CPP slams bid to revive Anti-Subversion Law

JC Gotinga



Reviving the law would only 'further rouse the people to resist President Rodrigo Duterte's tyranny' and 'foment greater dissent,' the Communist Party of the Philippines says in a statement

MANILA, Philippines – The Communist Party of the Philippines (CPP) denounced the proposal to revive the Anti-Subversion Law that could make communism illegal, the party said in a statement on Wednesday, August 14.

“Given the propensity of Duterte and his military officers to accuse people of being communists or associated with the CPP, the revival of the Anti-Subversion Law…will only result in military and police abuses and violations of democratic rights far worse than what we have already experienced in the past 3 years,” the statement went on.

The CPP said the measure was used to “unjustly” incarcerate activists accused of being communists when it was in force from 1957 to 1992.

Reviving the law would only “further rouse the people to resist [Duterte’s] tyranny” and “foment greater dissent” because it would not solve social and economic roots of armed rebellion, the CPP added.

On Tuesday, August 13, Interior Secretary Eduardo Año told the Senate committee on national defense and security that reviving the Anti-Subversion Law was necessary to end the communist rebellion in the country.

Año said he wanted the measure to specifically target the CPP and leftist groups that supposedly serve as the party’s “front organizations,” as law enforcement cracks down on the alleged recruitment and kidnapping of minors by such groups to enlist them in the New People’s Army (NPA), the CPP’s armed wing.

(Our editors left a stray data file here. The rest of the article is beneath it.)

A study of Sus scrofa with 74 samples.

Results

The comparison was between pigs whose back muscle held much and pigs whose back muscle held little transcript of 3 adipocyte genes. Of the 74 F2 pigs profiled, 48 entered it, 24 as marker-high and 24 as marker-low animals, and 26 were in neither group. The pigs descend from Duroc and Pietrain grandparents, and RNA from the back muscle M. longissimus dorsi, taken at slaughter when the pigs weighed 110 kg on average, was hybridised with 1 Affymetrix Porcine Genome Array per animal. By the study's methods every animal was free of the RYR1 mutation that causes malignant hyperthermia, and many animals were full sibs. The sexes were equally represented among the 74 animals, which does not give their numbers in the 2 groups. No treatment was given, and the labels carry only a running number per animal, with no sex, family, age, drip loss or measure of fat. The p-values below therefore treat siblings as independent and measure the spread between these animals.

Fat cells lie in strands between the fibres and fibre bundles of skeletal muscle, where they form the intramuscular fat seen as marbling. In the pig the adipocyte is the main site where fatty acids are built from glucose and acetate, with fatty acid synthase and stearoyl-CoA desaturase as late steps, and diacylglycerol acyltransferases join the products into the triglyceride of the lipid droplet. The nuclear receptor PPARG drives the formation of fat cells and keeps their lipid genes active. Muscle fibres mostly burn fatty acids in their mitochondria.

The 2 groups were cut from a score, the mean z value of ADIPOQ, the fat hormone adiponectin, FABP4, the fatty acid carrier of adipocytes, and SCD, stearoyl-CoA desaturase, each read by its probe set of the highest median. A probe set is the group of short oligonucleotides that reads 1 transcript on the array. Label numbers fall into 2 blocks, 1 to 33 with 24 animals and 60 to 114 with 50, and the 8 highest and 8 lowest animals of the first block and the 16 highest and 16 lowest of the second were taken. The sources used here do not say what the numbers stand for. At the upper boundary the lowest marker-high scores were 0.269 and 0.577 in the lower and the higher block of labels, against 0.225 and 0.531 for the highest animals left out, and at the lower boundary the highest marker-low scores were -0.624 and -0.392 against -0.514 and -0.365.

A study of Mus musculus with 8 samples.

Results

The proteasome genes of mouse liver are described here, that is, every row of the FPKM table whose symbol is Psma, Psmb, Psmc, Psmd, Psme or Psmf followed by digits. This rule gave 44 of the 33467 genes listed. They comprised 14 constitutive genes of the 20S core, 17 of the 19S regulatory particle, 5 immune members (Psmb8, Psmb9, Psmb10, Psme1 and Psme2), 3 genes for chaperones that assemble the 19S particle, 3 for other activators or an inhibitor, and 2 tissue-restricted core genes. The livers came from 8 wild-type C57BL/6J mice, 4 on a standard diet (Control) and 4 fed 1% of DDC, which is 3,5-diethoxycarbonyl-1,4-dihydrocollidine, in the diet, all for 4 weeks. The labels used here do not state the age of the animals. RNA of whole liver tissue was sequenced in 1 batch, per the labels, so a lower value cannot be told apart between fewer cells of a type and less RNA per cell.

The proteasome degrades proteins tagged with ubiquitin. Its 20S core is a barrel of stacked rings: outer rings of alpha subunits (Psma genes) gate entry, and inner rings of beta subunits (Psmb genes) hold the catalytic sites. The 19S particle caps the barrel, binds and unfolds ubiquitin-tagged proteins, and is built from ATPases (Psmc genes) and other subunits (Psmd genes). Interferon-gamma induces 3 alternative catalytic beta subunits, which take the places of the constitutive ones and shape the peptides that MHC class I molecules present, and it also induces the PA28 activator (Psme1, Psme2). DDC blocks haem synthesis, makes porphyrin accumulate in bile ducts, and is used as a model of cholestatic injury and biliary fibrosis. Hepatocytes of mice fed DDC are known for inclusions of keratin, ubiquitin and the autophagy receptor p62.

Strong opposition

Senator Panfilo Lacson, chairman of the committee, said he was not inclined to support Año’s proposal because it would “encroach on the fundamental right to a peaceful assembly, to protest.”

Leftist groups are not a problem as long as they do not recruit minors, Lacson said, and that a pending petition to officially identify the CPP-NPA as a terrorist group would outlaw it under the Human Security Act or the anti-terrorism law.

Senate Minority Leader Franklin Drilon likewise “strongly opposed” reviving the Anti-Subversion Law, saying that “mere membership in any organization is not a crime.”

“The Anti-Subversion Law was ‘buried’ a long time ago for it was proven that such a policy, aside from being prone to abuse and a tool to harass, undermined some of our basic Constitutional rights,” Drilon said in a statement.

Republic Act No. 1700 or The Anti-Subversion Law, enacted in 1957, outlawed the CPP and punished membership in it with 12 years in prison.

It was repealed by then-President Fidel Ramos in 1992, when the government initiated a peace process with communist guerillas. – Rappler.com


JC Gotinga often reports about the West Philippine Sea, the communist insurgency, and terrorism as he covers national defense and security for Rappler. He enjoys telling stories about his hometown, Pasig City. JC has worked with Al Jazeera, CNN Philippines, News5, and CBN Asia.